Api Nampa Conservation Area
The Api Nampa Conservation Area is a protected area in the Far-Western Development Region, Nepal. It was established in 2010. This area occupies 1,903 km². It ranges in elevation from 518 to 7,132 m at the Himalayan peak Api and is within the circumscribed area of the Kailash Sacred Landscape.
The goal of ANCA is to conserve the unique biodiversity and cultural heritage of the area. It is Nepal’s youngest Conservation Area and maybe also the best preserved. Due to the few numbers of tourists that have reached that area of Nepal, we can experience untouched nature and authentic Nepali traditions.
The conservation area is named after Mount Nampa (6757 m) and Mount Api (7132 m), Far West’s highest mountain. Between these peaks, a central plateau of grassland is located. The grassland has a mixed variety of oaks, pine forests, and temperate deciduous forests.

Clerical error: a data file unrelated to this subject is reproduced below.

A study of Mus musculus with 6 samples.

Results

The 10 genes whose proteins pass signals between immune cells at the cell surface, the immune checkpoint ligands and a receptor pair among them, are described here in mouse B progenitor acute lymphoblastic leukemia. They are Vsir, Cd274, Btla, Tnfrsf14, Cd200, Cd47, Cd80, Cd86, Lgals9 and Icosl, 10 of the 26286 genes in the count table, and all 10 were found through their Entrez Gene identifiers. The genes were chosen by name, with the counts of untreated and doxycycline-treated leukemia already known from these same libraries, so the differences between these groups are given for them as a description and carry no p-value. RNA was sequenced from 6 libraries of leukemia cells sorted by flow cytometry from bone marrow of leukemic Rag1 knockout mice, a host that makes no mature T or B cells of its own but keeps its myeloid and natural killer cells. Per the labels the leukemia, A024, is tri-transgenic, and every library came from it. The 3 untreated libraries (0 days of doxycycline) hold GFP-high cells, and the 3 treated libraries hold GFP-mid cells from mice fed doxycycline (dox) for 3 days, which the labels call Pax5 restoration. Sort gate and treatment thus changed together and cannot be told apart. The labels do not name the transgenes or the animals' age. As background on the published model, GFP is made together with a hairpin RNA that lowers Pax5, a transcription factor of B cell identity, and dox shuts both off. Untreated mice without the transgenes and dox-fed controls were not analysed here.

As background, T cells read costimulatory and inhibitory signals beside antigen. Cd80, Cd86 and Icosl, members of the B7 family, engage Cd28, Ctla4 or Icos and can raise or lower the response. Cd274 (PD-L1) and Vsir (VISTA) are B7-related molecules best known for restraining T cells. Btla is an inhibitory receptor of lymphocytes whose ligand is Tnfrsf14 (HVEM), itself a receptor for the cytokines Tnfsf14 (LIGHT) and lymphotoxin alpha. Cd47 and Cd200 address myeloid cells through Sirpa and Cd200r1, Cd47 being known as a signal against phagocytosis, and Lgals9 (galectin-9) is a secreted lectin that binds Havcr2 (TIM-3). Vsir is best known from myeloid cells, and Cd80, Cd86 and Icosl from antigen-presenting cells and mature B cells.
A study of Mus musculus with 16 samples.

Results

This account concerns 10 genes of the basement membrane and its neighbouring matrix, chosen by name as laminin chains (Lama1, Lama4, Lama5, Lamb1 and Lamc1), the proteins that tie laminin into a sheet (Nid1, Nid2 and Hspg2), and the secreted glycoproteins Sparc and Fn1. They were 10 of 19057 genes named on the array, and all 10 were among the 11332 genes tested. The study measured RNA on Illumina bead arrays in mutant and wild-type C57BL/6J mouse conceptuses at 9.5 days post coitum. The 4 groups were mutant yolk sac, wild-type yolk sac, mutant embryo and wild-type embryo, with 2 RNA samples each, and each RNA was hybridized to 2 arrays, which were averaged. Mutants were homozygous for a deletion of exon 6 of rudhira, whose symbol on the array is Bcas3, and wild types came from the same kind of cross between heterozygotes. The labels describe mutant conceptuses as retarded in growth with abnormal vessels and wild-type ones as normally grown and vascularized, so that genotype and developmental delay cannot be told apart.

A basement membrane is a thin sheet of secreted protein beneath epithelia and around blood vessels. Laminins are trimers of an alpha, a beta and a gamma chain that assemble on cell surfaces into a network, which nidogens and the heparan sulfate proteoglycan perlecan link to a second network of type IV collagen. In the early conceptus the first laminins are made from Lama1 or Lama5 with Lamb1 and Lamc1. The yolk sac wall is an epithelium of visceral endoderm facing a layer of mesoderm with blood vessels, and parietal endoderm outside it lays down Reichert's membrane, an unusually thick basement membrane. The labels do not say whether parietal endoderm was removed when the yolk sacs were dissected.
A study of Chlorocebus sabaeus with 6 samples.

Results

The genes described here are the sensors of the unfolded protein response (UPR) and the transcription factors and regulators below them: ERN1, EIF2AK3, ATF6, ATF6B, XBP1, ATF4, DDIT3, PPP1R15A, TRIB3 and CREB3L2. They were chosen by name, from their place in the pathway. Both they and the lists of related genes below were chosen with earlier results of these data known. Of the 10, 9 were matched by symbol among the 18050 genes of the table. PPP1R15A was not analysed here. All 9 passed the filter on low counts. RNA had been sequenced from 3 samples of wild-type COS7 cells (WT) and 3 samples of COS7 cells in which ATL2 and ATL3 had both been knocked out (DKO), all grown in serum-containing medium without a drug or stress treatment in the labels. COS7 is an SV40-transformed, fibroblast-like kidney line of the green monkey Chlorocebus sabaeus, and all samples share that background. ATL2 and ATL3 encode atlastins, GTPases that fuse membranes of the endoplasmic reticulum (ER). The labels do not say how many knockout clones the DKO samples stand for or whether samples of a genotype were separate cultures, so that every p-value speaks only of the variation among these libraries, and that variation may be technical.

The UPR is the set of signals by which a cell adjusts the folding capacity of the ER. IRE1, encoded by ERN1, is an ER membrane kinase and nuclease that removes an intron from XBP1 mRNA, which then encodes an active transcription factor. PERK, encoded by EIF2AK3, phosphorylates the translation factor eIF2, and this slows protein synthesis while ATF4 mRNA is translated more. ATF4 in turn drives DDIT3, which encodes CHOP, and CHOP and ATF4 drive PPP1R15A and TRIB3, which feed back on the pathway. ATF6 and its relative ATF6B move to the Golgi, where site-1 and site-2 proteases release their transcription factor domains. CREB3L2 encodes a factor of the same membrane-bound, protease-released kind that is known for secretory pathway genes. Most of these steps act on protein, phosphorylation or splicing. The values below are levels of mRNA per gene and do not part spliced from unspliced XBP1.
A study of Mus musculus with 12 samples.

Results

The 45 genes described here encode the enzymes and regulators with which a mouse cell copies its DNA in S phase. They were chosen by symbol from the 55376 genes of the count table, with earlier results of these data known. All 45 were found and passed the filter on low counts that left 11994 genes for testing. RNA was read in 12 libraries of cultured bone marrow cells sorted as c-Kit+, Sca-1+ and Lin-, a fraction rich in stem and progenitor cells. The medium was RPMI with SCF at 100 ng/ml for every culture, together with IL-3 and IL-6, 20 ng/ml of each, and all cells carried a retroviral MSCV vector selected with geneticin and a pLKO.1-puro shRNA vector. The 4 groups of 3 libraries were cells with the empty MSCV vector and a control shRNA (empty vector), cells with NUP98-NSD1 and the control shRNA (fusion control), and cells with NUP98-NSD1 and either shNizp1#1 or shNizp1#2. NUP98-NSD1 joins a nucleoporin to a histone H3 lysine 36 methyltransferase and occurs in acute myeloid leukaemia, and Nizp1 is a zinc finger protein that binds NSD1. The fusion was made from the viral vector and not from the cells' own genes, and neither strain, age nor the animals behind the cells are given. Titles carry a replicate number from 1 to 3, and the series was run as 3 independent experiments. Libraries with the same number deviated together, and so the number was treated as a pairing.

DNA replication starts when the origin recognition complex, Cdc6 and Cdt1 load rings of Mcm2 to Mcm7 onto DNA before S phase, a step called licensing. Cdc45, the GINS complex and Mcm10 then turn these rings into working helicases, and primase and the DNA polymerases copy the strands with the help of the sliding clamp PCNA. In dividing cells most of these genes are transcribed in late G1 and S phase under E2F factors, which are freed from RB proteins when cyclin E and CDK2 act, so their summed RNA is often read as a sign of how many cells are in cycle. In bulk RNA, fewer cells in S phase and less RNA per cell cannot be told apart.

Due to diverse climatic condition and altitude variation, many prime habitats of wildlife exists in ANCA. Mammalian species include snow leopard, Himalayan black bear, red panda, common langur, Himalayan tahr, Himalayan musk deer, goral and serow. Birds include Himalayan monal, snowcock, and blood pheasant.
Also, the local communities have kept their traditional way of life. They mainly live off agriculture, a collection of medicinal and aromatic plants as well as artisan productions. The community of the Byash, for example, still practices a nomadic lifestyle. They are moving between the high altitude grasslands in the summer months and the lower valleys close to Darchula town in the winter.
Attractions in Api Nampa Conservation Area
- There are mammalians species such as snow leopard, Himalayan black bear, red panda, common langur, goral, Himalayan musk deer, serow, and Himalayan Tahr.
- There are birds such as snowcock, blood pheasant, and Himalayan monal.
- The conservation area is intermix with various forest types.